Alternative issues that demand attention, such as calorie counting in a diet, also could reduce cognitive abilities. The difference with money, however, is that one can end a diet anytime; not so with financial stress, Shafir says.
“What’s nice about these studies is we showed the low-income people do exactly as well as high-income people when they aren’t worried about their finances,” he says. “This is a clear way of showing it’s not about being a poor person. It’s about being in a moment of poverty.”
The study is not the last word on the sociology of poverty. The authors did not tackle questions about the impacts of being poor throughout a lifetime nor possible physical or chemical changes in the brain from long-term stress. “This is a major study, and these findings have significant impacts for policy,” McEwen says. “This is a good way of thinking about helping people.” Still, he cautioned, chronic stress may be playing a larger role than addressed in this research because it can surface in subtle ways that affect the brain but would not show up in the biomarkers measured in this study.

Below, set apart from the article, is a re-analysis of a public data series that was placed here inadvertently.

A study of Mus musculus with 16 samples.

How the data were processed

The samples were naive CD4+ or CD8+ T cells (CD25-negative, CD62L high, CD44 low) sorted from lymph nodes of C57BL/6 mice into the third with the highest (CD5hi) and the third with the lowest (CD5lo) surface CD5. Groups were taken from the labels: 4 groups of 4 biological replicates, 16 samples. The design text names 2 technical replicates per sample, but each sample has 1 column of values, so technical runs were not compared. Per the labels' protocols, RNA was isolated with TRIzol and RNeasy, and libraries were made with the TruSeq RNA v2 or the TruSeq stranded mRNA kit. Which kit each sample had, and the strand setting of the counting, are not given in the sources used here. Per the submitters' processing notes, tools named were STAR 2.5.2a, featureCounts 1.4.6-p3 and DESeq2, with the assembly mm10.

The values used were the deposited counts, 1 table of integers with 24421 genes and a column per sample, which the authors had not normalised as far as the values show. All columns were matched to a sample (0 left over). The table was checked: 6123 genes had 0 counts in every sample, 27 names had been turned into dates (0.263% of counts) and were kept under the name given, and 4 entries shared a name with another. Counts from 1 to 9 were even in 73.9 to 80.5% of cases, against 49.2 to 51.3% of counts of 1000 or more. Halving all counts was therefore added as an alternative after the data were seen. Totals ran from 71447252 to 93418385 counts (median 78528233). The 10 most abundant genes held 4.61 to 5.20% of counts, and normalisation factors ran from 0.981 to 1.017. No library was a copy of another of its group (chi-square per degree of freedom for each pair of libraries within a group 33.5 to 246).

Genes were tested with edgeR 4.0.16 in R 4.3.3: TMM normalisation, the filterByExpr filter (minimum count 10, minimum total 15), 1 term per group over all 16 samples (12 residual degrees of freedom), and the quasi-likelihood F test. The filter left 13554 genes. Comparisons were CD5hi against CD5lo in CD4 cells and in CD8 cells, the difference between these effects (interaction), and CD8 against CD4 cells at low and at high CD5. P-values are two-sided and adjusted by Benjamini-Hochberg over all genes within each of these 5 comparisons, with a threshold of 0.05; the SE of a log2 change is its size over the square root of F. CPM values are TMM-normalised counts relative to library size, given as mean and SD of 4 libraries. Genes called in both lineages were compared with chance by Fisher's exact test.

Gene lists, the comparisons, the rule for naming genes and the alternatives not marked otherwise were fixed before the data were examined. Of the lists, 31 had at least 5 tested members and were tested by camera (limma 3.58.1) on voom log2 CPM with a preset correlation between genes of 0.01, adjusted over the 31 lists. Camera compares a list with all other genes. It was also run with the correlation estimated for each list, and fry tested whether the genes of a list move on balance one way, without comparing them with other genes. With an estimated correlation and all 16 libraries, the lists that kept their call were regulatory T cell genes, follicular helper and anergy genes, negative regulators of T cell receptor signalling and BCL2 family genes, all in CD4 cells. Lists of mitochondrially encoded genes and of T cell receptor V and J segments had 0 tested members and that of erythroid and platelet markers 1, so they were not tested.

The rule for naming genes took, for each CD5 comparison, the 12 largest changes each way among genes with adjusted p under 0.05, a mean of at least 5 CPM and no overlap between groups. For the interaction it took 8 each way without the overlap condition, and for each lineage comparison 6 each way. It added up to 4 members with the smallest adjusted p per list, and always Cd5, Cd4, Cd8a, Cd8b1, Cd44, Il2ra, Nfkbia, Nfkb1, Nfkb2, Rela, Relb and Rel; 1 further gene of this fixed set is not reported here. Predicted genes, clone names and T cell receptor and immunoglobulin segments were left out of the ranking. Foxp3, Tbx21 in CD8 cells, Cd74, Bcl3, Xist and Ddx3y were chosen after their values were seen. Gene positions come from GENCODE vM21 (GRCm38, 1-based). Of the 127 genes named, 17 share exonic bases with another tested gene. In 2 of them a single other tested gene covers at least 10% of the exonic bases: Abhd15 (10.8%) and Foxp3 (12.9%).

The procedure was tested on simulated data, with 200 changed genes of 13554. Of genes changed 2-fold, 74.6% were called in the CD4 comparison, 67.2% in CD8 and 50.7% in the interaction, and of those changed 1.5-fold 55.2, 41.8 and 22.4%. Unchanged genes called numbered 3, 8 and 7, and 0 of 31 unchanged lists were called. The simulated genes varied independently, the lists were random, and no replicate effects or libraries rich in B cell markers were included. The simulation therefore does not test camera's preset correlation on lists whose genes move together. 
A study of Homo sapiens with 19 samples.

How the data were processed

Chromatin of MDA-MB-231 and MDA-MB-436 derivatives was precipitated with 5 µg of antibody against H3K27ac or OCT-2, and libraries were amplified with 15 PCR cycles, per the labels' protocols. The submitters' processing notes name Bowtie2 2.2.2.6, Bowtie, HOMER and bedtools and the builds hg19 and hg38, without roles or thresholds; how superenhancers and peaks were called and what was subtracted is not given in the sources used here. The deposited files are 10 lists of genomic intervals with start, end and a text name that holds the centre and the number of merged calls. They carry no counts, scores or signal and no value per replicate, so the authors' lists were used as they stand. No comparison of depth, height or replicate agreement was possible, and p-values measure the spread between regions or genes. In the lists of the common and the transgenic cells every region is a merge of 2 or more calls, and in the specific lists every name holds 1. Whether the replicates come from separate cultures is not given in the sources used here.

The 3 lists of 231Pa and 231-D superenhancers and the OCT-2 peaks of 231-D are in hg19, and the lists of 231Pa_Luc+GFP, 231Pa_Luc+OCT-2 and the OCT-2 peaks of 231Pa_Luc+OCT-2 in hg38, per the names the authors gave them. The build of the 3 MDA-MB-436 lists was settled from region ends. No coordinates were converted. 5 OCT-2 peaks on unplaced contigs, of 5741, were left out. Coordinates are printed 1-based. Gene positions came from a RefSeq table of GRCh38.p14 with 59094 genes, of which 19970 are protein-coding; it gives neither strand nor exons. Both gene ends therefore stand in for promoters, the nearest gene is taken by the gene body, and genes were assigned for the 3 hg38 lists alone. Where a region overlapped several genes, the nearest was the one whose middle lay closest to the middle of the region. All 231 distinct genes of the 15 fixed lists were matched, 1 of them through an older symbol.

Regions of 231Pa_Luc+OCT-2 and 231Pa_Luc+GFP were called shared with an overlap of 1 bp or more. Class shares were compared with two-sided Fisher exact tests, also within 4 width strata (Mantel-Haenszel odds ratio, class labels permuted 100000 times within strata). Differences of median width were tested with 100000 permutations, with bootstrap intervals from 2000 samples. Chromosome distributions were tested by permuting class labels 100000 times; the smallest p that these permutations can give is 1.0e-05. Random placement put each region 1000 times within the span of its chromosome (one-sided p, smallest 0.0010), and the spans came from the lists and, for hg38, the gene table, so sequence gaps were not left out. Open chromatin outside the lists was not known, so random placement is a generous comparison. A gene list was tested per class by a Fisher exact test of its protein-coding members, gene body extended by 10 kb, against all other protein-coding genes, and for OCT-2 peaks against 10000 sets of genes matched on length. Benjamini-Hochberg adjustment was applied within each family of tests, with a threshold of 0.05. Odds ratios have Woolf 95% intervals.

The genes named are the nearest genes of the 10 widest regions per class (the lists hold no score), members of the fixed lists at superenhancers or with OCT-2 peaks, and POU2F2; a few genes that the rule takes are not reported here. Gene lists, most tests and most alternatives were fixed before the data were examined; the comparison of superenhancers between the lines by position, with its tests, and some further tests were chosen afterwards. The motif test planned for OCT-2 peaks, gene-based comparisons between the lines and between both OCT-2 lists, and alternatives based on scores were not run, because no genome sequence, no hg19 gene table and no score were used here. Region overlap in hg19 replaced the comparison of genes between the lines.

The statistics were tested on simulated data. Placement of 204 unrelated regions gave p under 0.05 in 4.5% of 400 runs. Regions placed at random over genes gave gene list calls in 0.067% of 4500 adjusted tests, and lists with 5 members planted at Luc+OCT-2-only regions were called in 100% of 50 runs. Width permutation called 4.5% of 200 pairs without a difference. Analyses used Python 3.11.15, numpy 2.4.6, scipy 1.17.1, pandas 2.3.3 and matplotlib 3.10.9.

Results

These new results also support other research on an overlapping area of study—an emerging field called self-control, says Kathleen Vohs, a consumer behavior expert at the University of Minnesota who published an accompanying commentary piece on the findings in the same issue of Science.* Self-control studies look at the finite ability of individuals to overcome urges and make decisions. They posit, in a similar vein, that when individuals are faced with many decisions that demand trade-offs—such as a scarcity of food, time or money—and do not have a chance to recover from the resulting brain drain, self-control can tank. That depletion, in turn, could lead to decision-making patterns that impede one’s ability to improve their lot in life, she says. “Because the poor must overcome more urges and make difficult decisions more often than others, they are more likely to overeat, overspend and enact other problematic behaviors,” she wrote.
This work should be translated into policy action, the authors wrote. When cognitive load is high and money is short, educational service offers are ill-timed, for example. Freeing up more brain bandwidth by shortening forms needed to apply for a job or assistance, for instance, could also help in adapting to personal financial stress.
*Editor’s Note: Vohs is the author of a forthcoming article in Scientific American.